British govt lawyers look to block BSkyB bid -paper

LONDON,  (Reuters) – British government lawyers are  drawing up plans to block Rupert Murdoch’s bid to buy out the  broadcaster BSkyB, the Independent newspaper said on Monday — a  move that could spare Prime Minister David Cameron a potentially  damaging parliamentary vote.

Rupert Murdoch

Opposition Labour party leader Ed Miliband said yesterday  that he would force parliament to vote this week if Cameron did  not take steps to halt the $14-billion bid by Murdoch’s News  Corp for the 61 percent of the profitable pay-TV  operator BSkyB that it does not already own.

A vote in parliament could split the coalition between  Cameron’s Conservatives and the Liberal Democrats who,  traditionally less favoured by Murdoch’s media, have signalled  they could vote with Labour on the issue.

It would also give Labour a chance to cast itself, at  Cameron’s expense, as the champion of a public outraged by  allegations that News of the World reporters and editors were  complicit in illegally hacking the voicemails of a murdered girl  and of London bombing victims.

“We are working on a plan to suspend the deal while the  police investigation is taking place,” the Independent quoted a  senior government source as saying. A Downing Street spokesman  declined to comment.

Murdoch’s own Sunday Times reported that a 2007 internal  investigation at the News of the World had found evidence that  phone hacking was more widespread than the company had admitted  and that staff had illegally paid police for information.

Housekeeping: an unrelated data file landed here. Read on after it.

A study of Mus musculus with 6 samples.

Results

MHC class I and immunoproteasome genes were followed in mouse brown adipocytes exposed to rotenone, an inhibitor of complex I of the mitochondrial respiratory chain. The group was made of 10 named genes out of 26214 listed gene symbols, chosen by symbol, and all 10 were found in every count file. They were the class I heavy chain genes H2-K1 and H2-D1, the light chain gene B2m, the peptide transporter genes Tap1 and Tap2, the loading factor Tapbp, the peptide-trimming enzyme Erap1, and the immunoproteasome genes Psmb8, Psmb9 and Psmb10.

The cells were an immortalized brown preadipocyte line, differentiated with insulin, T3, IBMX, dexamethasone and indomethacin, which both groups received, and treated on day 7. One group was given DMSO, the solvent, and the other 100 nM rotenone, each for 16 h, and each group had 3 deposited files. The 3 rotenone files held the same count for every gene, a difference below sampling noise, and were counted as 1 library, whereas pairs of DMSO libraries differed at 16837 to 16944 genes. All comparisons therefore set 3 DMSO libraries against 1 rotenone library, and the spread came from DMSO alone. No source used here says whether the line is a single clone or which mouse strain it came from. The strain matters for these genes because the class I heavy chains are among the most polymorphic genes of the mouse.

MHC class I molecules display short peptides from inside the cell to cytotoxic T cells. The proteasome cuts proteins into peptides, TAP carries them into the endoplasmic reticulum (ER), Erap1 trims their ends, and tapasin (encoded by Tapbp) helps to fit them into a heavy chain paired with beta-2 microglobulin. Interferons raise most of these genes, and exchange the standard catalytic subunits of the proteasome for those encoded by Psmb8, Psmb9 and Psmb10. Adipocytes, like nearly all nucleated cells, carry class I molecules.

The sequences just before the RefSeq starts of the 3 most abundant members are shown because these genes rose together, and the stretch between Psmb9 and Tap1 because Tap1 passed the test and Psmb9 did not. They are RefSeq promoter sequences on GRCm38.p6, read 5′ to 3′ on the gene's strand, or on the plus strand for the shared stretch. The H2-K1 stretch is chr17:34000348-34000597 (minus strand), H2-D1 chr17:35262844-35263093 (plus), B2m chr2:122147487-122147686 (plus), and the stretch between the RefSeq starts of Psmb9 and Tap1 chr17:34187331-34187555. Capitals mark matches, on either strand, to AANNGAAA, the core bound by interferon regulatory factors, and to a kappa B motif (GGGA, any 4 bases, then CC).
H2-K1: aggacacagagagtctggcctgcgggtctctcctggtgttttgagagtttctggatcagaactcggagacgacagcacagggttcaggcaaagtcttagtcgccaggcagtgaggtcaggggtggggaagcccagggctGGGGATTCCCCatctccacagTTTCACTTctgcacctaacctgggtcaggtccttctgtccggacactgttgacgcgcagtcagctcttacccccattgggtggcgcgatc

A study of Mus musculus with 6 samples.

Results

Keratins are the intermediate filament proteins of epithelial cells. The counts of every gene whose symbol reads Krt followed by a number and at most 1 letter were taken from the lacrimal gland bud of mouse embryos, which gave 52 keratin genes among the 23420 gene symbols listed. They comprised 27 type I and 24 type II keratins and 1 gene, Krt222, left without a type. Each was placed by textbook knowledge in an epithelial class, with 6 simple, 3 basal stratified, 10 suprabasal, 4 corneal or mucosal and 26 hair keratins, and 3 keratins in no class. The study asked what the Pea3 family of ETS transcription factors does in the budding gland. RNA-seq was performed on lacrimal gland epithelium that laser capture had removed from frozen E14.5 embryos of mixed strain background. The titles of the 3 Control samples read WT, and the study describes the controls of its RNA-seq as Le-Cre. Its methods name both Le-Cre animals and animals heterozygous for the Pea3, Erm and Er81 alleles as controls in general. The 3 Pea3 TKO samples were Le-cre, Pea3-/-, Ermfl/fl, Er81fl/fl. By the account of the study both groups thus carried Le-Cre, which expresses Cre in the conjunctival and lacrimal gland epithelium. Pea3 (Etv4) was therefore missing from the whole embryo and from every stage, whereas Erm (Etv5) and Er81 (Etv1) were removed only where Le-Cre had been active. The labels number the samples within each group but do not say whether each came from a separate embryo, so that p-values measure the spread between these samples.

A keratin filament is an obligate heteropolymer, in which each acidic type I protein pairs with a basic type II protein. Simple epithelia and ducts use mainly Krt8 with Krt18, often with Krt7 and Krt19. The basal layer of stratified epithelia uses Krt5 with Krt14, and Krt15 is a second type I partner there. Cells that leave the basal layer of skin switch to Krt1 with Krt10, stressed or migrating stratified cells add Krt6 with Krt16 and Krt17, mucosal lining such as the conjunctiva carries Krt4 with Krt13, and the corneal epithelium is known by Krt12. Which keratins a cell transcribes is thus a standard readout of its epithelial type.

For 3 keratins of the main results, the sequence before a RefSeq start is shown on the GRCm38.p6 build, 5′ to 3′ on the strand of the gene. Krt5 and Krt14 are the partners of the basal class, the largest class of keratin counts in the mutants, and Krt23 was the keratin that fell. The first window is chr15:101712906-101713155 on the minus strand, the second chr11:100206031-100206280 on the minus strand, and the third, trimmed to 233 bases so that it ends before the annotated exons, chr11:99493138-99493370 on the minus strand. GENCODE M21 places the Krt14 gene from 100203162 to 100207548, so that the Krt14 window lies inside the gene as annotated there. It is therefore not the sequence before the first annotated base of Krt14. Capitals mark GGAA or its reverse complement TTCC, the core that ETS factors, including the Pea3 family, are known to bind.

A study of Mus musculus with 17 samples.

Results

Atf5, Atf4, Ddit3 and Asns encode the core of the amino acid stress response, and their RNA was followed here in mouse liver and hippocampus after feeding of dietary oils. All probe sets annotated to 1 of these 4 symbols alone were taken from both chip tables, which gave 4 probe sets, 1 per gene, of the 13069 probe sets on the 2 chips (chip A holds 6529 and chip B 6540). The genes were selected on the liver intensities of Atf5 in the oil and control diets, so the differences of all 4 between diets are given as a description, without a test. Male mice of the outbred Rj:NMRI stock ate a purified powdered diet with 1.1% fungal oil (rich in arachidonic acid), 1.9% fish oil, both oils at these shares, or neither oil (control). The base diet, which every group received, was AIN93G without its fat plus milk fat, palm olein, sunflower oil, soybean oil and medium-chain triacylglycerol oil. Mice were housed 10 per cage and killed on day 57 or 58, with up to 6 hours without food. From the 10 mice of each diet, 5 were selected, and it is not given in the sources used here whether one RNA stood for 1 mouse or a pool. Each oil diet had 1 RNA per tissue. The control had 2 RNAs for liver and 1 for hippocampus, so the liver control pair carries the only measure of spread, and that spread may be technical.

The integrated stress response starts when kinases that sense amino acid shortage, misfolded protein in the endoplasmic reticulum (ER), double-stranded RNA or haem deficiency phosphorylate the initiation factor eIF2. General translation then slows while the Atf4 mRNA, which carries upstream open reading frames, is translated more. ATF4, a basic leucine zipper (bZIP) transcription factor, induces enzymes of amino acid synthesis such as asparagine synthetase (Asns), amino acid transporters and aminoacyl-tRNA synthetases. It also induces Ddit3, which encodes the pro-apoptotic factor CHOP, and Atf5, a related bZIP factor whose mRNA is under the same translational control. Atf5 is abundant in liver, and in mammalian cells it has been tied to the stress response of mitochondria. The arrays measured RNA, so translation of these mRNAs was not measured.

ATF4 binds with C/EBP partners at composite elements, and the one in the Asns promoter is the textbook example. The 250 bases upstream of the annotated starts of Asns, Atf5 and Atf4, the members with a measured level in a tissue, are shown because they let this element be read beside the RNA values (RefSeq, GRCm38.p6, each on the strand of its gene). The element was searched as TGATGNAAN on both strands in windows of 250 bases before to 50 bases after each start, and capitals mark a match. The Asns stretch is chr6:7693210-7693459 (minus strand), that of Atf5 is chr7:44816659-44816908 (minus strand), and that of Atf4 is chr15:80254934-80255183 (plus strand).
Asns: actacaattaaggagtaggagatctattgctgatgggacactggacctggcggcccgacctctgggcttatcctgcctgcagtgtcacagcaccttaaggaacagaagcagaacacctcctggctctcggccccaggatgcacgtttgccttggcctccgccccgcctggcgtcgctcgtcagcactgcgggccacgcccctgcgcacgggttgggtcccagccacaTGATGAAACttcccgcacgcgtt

Murdoch, 80, flew into London yesterday to take charge of  attempts to save the BSkyB deal and limit the damage to News  Corp, the world’s largest news conglomerate.

As he was driven into his London headquarters, he  conspicuously held up the final edition of the News of the  World, the 168-year-old newspaper he bought in 1969 then  promptly closed last week in a bid to stem the crisis.

Lurid headlines

The paper is best known for its lurid headlines exposing  misadventures of the rich, royal and famous. Its last headline  said simply “Thank You & Goodbye” over a montage of some of its  most celebrated splashes of the past 168 years.

Murdoch later had dinner in an upmarket hotel with his  newspaper group chief executive Rebekah Brooks, a friend of  Cameron’s and editor of the News of the World at the time of the  phone-hacking, and his son and heir apparent, James.

The affair has thrown a harsh spotlight on the long-standing  ties between leading British politicians and Murdoch.

In particular it has called into question the judgment of  Cameron, who hired former News of the World editor Andy Coulson  as his head of communications.

Coulson later resigned, and was arrested on Friday and  released on bail after being questioned by police about  voicemail hacking and payments to police. Coulson denies any  knowledge that hacking was carried out.

Cameron has insisted that the government has no legal power  to block the BSkyB deal if it is satisfied that enough media  plurality — competition — will be maintained. It had already  indicated it would accept News Corp’s assurances on this count.

“Fit and proper”

The Independent said the government had latterly hoped the  broadcasting regulator Ofcom would stop the deal going through  on grounds that News Corp directors were not “fit and proper” to  run BSkyB, but that this was unlikely to happen until a possibly  lengthy police investigation had been completed. Instead, it said lawyers in the department of Culture  Secretary Jeremy Hunt were now looking at using competition  criteria to block the deal.

That would still be embarrassing for the prime minister, but  arguably less damaging than a split with his coalition partners.

Blocking the BSkyB deal on grounds of media plurality would  also be better for Murdoch than if he and his team were found to  be not “fit and proper” to run the broadcaster, as that could  see him lose his existing 39 percent of the company.